Mulch is a layer of material applied to the surface of soil to protect and enrich it. It is used in a variety of horticultural settings, from small home gardens to large commercial nurseries. Mulch can be made from a wide range of natural or synthetic materials, each with its own unique properties and benefits.
Organic mulches, such as wood chips, leaves, straw, or bark, are made from plant materials that will eventually decompose and enrich the soil as they break down. These mulches can be made from a variety of sources, including trees, shrubs, and grasses. To make organic mulch, the raw materials are first collected and processed. This can involve chipping, shredding, or grinding the materials to create a more uniform product. The processed materials are then screened to remove any contaminants or debris, and they are often dyed or treated with a variety of chemicals to enhance their color or durability.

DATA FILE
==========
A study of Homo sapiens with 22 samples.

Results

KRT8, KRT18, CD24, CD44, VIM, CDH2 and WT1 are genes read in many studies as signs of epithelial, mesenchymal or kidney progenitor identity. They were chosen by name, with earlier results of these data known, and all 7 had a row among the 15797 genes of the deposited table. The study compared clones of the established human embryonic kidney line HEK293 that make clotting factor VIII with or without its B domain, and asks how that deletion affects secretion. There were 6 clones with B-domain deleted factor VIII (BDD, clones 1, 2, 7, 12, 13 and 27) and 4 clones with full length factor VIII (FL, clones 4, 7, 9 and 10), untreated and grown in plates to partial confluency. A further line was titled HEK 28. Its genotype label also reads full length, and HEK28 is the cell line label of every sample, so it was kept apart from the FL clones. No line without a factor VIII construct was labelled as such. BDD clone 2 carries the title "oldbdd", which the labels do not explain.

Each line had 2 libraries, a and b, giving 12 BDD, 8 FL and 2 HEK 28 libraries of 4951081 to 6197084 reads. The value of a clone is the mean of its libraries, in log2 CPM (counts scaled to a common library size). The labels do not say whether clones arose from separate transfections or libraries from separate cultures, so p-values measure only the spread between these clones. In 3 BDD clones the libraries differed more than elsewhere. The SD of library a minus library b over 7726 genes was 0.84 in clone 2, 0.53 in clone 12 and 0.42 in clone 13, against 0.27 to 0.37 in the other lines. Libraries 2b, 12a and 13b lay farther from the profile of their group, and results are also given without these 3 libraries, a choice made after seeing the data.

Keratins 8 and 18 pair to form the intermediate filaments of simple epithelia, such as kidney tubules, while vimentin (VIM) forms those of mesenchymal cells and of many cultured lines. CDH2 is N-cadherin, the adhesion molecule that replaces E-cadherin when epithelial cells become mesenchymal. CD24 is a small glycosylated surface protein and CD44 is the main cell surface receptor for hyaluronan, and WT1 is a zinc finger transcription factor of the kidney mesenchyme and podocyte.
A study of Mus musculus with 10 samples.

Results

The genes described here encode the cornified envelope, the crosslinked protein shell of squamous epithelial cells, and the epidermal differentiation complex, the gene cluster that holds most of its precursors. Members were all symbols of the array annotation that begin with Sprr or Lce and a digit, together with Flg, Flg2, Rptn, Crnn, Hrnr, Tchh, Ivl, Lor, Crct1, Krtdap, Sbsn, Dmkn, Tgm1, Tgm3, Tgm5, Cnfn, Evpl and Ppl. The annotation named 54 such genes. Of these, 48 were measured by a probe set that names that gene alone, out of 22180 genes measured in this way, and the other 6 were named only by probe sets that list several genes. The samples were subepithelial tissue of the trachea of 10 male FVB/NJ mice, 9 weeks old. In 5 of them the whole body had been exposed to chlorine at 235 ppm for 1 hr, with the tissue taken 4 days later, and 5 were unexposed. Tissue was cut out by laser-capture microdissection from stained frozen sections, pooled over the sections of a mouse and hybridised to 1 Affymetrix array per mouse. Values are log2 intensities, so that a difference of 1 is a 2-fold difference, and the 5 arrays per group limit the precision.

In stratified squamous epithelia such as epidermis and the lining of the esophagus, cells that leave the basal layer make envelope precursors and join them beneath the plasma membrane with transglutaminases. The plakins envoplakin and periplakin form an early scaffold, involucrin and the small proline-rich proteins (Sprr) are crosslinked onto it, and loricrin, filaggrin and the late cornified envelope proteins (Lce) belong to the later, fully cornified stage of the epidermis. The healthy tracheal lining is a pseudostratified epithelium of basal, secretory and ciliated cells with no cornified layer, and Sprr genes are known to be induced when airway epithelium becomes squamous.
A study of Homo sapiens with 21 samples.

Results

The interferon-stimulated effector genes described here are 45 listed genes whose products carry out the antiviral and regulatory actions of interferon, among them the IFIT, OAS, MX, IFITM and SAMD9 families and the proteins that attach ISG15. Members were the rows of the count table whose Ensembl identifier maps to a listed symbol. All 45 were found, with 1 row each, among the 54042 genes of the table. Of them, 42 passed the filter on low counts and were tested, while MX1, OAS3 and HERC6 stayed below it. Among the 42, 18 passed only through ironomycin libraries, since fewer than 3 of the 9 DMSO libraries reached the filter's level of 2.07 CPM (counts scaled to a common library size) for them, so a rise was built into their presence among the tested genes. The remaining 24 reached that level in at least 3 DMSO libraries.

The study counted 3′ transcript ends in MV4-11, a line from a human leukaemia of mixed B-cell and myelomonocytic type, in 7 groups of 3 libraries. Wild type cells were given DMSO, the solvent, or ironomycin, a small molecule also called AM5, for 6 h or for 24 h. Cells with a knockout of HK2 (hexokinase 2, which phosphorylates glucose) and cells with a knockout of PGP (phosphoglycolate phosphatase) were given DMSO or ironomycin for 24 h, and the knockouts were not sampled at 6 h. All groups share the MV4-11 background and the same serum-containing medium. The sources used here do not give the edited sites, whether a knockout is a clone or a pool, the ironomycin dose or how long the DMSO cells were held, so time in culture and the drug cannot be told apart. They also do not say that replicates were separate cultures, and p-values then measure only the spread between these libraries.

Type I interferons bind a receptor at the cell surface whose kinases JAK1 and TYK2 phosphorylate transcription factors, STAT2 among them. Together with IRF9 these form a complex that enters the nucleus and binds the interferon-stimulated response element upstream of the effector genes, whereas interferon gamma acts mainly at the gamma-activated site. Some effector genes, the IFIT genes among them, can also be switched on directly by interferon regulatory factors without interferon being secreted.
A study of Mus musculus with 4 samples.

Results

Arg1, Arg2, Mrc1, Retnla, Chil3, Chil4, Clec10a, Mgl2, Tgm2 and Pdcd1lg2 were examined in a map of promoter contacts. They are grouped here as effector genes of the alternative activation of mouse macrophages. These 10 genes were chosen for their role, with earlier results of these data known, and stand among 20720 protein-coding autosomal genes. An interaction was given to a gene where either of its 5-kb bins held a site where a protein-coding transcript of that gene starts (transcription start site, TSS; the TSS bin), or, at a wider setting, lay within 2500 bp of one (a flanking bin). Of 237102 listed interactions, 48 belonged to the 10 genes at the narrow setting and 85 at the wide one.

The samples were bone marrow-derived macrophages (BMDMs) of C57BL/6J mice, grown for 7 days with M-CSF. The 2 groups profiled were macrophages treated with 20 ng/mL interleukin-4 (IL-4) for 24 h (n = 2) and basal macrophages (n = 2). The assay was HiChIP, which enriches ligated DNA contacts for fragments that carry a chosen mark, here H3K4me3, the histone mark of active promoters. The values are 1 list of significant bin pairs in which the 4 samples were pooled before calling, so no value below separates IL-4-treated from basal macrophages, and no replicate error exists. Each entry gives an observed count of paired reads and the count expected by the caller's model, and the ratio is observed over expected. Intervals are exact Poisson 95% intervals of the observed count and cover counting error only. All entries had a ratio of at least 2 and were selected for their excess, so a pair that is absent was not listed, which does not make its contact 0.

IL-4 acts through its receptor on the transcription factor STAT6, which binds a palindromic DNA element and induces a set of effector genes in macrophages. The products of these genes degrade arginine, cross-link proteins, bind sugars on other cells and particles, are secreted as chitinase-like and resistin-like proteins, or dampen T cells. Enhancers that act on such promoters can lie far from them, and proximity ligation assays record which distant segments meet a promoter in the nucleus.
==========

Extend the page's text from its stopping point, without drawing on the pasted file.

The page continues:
The capital equipment costs to manufacture mulch can be intensive. Equipment needed to chip, shred, and grind mulch can range from $1,000 to $100,000+ depending on the scale mulch needed to be made, the target market that will be served, and the growth targets of the manufacturer. In addition, equipment is needed to move raw materials and the finished product such as trucks and conveyor belts.
Inorganic mulches, such as plastic or rubber, are made from synthetic materials that do not decompose. These mulches are typically made from recycled materials, and they are often chosen for their ability to suppress weeds, conserve moisture, and reduce the need for irrigation.
To make inorganic mulch, the raw materials are first collected and cleaned to remove any contaminants or debris. The materials are then melted down and extruded into thin sheets or rolls, which are then cut into the desired size and shape. Inorganic mulches are often treated with UV inhibitors to help them resist fading and deterioration over time.
Whether made from organic or synthetic materials, mulch plays a vital role in helping plants and gardens to thrive.